Over on Twitter, someone asked whether it should be a software developer's responsibility to fix production bugs ASAP, and whether they'd lack professional commitment if they didn't.
I've been through on-call rotations, and being called on Sundays to fix bugs, both in the capacity of the one doing the fixing, and in the capacity of the person who had to call a developer on a weekend. I have a lot to say on the matter, and it's a complex topic.
I believe that bugs in production code is partly an engineering management issue. It's not necessarily a programmer's fault, though it's very situation dependant. However, regardless of whose fault it is, if there is no on-call rotation in place, it shouldn't be the burden of the programmer to crawl out of bed at 4am on a Sunday to fix the problem; and it certainly should not be seen as lack of professional commitment if they didn't. If anything, programmers should be rewarded should they chose to do it.
Exactly why so many companies out there seem to dish out punishments when this happens is probably due to the power dynamics between programmers and their managers. Put simply, it's easier for the manager to blame the bugs on bad programming than for them to accept fault for mis-managing the project, and then force devs to fix it on fear of losing their jobs (and let's not kid ourselves, saying "fix this, or do you lack professional commitment" is code words for "fix this, otherwise this will look bad for you and your continued employment with us").
Here's why bugs in production can be a manager's fault: Managers ultimately were the ones who set the budget and timeline for projects. It's a manager's responsibility to ensure that the project is achievable with the team, the time, and the budget that is available. It's also the manager's responsibility to hire the right people for the team, to coach the team, and to protect the team against unnecessary external distractions.
- If the time allowed for the project was too short. That's the manager's responsibility.
- If the team for the project was too small. That's the manager's responsibility.
- If there were distractions and changes of plan. That's the manager's responsibility.
- If there was an expectation for maintaining uptime in production. That is also the manager's responsibility.
All of the above items are responsibilities of the manager. And when I say "manager", I actually mean those in leadership positions. It could be a whole management team. None of the above items are individual programmers empowered to tackle alone, they all happen at the team level or above.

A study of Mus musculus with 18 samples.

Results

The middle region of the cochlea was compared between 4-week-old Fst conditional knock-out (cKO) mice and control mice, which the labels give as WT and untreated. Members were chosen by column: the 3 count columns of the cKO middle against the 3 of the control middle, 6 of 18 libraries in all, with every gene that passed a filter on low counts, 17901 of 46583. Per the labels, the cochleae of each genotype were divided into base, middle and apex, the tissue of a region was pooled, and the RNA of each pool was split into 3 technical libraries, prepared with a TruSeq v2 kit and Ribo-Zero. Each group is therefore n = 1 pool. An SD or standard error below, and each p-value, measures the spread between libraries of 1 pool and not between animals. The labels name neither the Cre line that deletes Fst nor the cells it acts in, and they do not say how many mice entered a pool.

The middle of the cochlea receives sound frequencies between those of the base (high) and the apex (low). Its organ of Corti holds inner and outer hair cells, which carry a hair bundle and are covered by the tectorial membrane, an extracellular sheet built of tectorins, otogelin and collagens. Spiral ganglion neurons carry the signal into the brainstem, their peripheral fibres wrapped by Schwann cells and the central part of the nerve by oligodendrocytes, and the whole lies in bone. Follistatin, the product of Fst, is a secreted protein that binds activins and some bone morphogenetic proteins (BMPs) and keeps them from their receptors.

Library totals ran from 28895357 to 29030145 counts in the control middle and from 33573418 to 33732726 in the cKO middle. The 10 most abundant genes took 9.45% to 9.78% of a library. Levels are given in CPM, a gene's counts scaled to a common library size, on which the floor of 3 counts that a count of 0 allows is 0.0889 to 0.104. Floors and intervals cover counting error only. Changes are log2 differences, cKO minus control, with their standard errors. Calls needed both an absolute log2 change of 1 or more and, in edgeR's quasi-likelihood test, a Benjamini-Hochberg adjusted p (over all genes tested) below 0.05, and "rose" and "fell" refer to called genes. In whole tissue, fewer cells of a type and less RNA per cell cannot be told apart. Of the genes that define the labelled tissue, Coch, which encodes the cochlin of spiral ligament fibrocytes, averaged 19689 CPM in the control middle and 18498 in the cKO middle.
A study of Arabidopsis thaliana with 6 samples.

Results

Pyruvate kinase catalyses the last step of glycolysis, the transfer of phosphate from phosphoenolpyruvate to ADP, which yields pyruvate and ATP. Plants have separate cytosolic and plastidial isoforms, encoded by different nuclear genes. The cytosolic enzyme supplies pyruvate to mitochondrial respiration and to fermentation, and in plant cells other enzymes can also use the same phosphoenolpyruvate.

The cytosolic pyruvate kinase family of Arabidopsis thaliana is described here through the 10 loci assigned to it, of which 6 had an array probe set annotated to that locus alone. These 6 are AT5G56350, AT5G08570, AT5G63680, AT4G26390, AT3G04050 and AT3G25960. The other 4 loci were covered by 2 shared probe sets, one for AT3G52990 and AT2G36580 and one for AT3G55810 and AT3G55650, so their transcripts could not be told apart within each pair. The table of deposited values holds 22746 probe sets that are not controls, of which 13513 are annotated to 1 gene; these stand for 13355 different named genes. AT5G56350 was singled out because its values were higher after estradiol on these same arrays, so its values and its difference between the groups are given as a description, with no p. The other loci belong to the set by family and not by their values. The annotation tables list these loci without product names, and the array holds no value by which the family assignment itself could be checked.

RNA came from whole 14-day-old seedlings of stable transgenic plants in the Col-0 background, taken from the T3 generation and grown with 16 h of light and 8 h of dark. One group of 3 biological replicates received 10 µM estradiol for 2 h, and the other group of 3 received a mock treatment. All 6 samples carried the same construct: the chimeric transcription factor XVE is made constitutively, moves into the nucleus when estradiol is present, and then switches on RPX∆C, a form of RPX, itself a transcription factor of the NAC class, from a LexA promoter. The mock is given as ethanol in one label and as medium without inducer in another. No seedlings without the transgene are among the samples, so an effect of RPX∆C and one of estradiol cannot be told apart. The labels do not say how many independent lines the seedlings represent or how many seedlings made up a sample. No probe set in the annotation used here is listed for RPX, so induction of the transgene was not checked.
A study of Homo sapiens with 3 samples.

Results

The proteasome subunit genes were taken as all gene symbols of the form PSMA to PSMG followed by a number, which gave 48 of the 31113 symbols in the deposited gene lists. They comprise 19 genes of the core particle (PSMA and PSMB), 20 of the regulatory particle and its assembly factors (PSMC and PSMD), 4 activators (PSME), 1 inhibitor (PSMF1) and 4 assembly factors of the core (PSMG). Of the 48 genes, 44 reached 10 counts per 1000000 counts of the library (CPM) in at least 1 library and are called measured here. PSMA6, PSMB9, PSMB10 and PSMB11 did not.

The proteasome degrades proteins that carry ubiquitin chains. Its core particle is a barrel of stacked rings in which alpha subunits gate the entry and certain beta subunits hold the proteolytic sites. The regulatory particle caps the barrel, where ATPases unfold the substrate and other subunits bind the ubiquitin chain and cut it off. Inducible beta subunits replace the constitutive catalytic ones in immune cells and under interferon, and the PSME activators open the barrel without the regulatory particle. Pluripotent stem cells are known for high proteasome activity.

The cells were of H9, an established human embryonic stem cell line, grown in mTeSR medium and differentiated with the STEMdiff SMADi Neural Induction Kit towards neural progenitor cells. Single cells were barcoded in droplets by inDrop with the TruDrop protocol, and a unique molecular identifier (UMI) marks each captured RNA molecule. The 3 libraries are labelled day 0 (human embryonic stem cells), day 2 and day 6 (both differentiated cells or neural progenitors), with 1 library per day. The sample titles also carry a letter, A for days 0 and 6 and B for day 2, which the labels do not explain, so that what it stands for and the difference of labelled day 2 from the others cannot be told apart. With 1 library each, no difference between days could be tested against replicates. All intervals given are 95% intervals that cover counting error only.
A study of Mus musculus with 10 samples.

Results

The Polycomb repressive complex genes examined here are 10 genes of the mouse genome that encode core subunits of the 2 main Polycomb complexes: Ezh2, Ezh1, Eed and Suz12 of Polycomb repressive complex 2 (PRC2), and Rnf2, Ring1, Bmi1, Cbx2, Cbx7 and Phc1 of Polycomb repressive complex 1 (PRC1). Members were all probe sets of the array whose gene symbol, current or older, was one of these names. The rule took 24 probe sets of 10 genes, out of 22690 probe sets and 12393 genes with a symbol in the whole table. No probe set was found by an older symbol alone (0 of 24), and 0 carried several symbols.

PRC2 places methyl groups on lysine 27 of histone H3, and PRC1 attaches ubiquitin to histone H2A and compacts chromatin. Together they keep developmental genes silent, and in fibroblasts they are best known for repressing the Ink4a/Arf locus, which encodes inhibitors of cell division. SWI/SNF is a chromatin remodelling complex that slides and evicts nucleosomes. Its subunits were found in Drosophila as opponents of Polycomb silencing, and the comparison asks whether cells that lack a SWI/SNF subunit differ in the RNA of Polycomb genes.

The last point is key: if up-time needs to be maintained such that any bug in production must be fixed as soon as possible. Then it is the responsibility of the management to ensure that an on-call schedule is set up that devs agreed upon, so that they know in advance that there is a possibility that they need to respond and can plan their lives around it. If a bug happens in production, and the team weren't adequately prepared to respond to it, then managers literally did not do the job that they needed to do. This isn't simply lacking professional commitment; a manager who failed to do this lacks professional competency!
As for the bugs themselves. Yes, programmers are the ones who wrote the code, and there are processes to find bugs and fix them before they reach production. There are also processes to continuously review the effectiveness of processes - Retrospectives in Agile, ISO 9001 in larger organisations. Guess who sets these previews and processes up? Managers.
As for programmers who make a lot of mistakes and introduce bugs? For sure there are instances of inattentiveness that can cause bugs, which by chance are missed by whatever review and testing process that was set up. Guess who's responsible for hiring the right people, coaching and ensuring access to training and continued career progression, and in the worst case firing these programmers? Managers.
So we see up and down the cause/effect chain that lead to a bug getting into production, the task of the programmer is only part of it. The responsibility and culpability of bugs in production is almost always a shared one between programmers and managers. Or in short:
To have to unexpectedly call up a programmer out of office hours to fix a bug in production, took multiple failures of management but only one failure of a programmer to happen.
However, this isn't the whole story. Unfortunately, no company can afford to spend forever building a perfect product, because that would be both unprofitable and uncompetitive. Appropriate tradeoffs must be made. Achieving zero bugs is not reasonable, but nor are indefinite delays to release or bad user experience. That balance is the biggest challenge in business. There are no correct answers, and not everyone will agree with the tradeoffs that have to be made.
The best we can do is to be open and humane at all levels of the company, and recognise our own mistakes when they happen rather than blaming the people who have the least power to argue back.